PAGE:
A lot of people think strictly of Fredericksburg and that area when they think of the Hill Country. And I love that area. But some of the most scenic areas of the Hill Country are located just south of Interstate 10. While staying at Lost Maples, we got out one day and made a loop along some of the prettier roads.
From Lost Maples, we took highway 187 south through Vanderpool to Utopia. The highway crisscrosses the Sabinal River numerous times, and most crossings are rather scenic. There isn’t much in Vanderpool, just a post office, fire department, and a few houses. There is a winery just south of Lost Maples, and there is even a bike museum in the area.
Utopia is a small community, but certainly larger than Vanderpool. It has a school and numerous businesses, including the Lost MaplesCafé, which I’ve heard about a few times. One of these days, perhaps we can stop in for a bite. Utopia is a nice little town, but not what I would call scenic or quaint.
From Utopia, we headed east to Bandera on Highway 470. The east-west roads in this area are usually some of the more scenic highways, as they crest upon dividing ridges and offer some of the best views in the Hill Country.
We made a pass through Bandera, just to see how it has changed since our last visit there about a year and a half ago. We’ve visited Bandera numerous times over the years, and I’m amazed with its steady growth. One of these days, I hope to visit the Frontier Times Museum located there.
From Bandera, we took Texas 16 northwest to Medina, the "Apple Capital of Texas." The highway follows the cypress-lined Medina River to the small community. At Medina, we stopped for lunch at the Patio Cafe in Love Creek Orchards. There are actually 4 or 5 interesting looking places to eat in Medina, but I thought I had read a review of this place recently so we decided to try it. I’ll review our meal in another entry soon, along with other places we ate during our trip.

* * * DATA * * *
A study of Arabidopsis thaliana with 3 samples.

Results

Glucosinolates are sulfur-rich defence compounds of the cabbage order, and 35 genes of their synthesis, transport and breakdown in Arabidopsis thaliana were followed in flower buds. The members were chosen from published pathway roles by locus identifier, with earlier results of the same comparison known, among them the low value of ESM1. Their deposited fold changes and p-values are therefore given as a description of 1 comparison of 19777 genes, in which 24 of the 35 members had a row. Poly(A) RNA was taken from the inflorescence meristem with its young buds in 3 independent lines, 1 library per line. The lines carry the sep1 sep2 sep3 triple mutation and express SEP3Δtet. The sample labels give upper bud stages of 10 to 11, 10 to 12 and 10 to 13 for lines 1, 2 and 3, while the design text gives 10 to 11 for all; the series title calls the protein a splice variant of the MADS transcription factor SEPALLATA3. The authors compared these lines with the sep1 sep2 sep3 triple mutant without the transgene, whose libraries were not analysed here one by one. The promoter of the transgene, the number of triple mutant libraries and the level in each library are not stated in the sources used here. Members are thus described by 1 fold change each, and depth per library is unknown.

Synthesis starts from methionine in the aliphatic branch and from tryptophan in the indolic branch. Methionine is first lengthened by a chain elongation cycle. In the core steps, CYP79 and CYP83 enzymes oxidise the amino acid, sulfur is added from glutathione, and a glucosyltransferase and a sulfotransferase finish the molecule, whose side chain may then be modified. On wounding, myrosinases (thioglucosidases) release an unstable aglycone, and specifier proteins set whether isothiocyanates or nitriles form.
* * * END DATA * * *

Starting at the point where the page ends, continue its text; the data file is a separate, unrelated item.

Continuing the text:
From Medina, we headed back to Lost Maples, taking Highway 337 which follows the Medina River to its headwaters. There are 2 or 3 scenic ranches along this stretch, and once again, there are good views from the crest of the ridge.
When we left Lost Maples to go to Kerrville for the second leg of our trip, we took Highway 187 north about 10 miles, then followed Highway 39 east all the way to Kerrville. About 7 or so miles up Highway 39, the road begins following the South Fork of the Guadalupe River, often crisscrossing it on low water crossings. As you near Hunt, resorts and camps begin to appear, and there are some really pretty places. People flock to this area, mostly to take advantage of the river, but the hills and trees are beautiful as well. There are numerous opportunities for outdoor activities.